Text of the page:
Editor’s note: This is a guest post by Anna Fredricks, IBM Healthcare Industry market manager.
IBM’s Watson will analyze natural language questions, posed as Jeopardy! clues, on U.S. television, February 14-16. What else would be possible in a Watson-enabled future? What if Watson could help physicians find evidence and scientific support for diagnosis and treatment decisions? What if Watson could act as a physician’s assistant during patient consults, crunching data from similar cases as the physician takes voice notes?
While medical centers don’t have a Watson to interact with, as Jeopardy! host Alex Trebek will, the same Smart Analytics technologies that Watson relies on to answer the quiz show clues is available today and is being applied to solve healthcare problems.
Creating value from health data
While poor information still hinders the ability of healthcare providers to consistently and accurately diagnosis patient conditions, today’s health analytics solutions are giving care providers, administrators and insurers new ways to understand what works, what does not work and why.
For example, the University of Ontario Institute of Technology saw a need to better detect neonatal babies’ subtle warning signs of complications – but doctors needed greater insight into the moment-by-moment condition of the babies.
IBM health analytics solutions (in this case, a first-of-a-kind stream-computing platform) provide the insights that give caregivers the ability to proactively intervene in the case of complications, such as detecting infections in premature infants up to 24 hours before they exhibit symptoms. This capability provides an unprecedented ability to glean insights from vast amounts of data, to spot trends in real-time and to take action.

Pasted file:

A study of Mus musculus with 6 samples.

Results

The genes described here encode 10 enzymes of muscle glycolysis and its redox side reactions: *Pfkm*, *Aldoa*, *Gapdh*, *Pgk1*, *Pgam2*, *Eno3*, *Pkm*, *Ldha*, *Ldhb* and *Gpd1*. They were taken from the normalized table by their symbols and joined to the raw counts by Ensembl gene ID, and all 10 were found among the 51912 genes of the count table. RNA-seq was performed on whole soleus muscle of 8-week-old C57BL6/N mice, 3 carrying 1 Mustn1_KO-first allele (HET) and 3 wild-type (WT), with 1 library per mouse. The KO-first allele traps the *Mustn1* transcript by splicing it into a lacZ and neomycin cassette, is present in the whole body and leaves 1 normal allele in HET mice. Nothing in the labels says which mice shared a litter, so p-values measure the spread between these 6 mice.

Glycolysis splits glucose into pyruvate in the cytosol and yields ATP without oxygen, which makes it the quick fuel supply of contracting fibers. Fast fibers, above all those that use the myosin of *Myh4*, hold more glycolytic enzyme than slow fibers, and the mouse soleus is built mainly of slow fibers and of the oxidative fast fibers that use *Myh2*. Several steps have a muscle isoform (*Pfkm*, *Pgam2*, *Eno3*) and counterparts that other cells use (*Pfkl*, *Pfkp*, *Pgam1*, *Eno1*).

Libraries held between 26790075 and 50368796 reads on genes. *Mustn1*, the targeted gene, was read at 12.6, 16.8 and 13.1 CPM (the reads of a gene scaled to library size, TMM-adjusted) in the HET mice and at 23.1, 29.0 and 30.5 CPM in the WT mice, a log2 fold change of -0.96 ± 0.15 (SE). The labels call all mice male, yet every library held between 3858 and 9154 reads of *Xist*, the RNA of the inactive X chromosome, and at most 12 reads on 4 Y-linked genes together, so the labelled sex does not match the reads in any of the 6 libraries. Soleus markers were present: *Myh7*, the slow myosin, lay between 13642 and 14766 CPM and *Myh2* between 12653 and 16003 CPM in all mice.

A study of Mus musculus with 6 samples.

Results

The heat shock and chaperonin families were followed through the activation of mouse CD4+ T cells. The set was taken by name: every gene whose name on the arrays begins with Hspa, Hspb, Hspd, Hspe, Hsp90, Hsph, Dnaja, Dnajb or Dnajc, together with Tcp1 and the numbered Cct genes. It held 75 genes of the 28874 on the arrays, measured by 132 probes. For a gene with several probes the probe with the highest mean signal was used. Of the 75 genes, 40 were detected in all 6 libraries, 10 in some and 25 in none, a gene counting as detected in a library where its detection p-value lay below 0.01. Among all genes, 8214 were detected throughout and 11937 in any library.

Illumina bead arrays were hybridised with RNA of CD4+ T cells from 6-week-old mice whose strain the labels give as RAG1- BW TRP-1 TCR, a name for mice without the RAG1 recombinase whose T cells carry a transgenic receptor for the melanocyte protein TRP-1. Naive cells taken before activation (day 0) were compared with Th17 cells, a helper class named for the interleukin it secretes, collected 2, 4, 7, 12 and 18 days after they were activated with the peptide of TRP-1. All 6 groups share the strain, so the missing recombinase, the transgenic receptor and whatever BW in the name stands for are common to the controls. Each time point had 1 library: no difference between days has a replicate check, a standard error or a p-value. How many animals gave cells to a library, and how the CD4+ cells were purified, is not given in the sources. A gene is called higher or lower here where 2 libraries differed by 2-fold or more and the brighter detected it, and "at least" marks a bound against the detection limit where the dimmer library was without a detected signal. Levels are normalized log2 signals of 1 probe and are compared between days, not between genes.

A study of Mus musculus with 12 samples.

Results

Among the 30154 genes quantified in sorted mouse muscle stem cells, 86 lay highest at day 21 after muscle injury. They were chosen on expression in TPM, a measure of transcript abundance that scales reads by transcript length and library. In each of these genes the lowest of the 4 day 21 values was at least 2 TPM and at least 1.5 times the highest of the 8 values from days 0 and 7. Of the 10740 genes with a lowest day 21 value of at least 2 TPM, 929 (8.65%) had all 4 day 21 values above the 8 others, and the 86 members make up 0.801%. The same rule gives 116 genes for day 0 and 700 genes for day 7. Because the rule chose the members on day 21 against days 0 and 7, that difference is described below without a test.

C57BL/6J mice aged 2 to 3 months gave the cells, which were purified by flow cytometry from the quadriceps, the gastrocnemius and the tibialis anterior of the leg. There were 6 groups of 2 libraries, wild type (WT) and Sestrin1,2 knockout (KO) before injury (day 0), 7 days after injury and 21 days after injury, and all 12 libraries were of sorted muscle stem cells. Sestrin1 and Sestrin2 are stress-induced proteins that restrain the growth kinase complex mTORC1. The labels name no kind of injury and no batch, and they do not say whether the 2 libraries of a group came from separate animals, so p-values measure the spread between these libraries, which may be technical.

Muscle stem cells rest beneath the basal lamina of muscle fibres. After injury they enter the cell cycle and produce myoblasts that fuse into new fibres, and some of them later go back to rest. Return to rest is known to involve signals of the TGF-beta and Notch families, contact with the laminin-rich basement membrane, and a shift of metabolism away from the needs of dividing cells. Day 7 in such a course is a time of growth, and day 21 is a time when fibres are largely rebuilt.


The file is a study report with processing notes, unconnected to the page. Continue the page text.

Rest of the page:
According to the April, 2010 Harvard Business Review, doctors inaccurately or incompletely diagnose patient illness an estimated 15 percent of the time.
In another example, the University of North Carolina Health Care System decided to connect the complex and diverse information from across its operations.
Sources of UNC’s information range from patient admissions data, to lab results, to radiology images. For this information to be useful across all of its operations, UNC needed to first synchronize these disparate sources into a “single version of the truth” – in the form of a data warehouse later called the Carolina Data Warehouse for Health (CDWH).
“Our key challenge is that every part of the UNC system – the academic medical center, the school of medicine and schools within the university – as well as outside institutions, wants the data that the data warehouse offers,” said Dr. Donald Spencer, Associate Director of Medical Informatics for the UNC Health Care System.
Now, physicians to researchers can feed data, from patient records to X-ray images into the CDWH. The data warehouse’s single-point of access and healthcare informatics capabilities allow researchers, clinicians and administrators from other areas of UNC to analyze the data – leading to improved patient care.
A medical Watson
And in the future, doctors may be able to couple IBM’s currently available health analytics solutions with the Natural Language Processing (NLP) technology in Watson to discuss a patient’s exam results. A medical Watson could dissect information from similar cases, producing diagnosis suggestions, in real time, backed by evidence for the doctor’s review.
Health analytics solutions that exist today could benefit from advances in analytics that come as Watson’s team of researchers push the boundaries of the technology in this Grand Challenge. While I’ll be watching Watson compete on Jeopardy! on February 14 and cheering for the team to win, I’ll actually be cheering for the progress this challenge will provide in terms of improved physician assistance and patient care.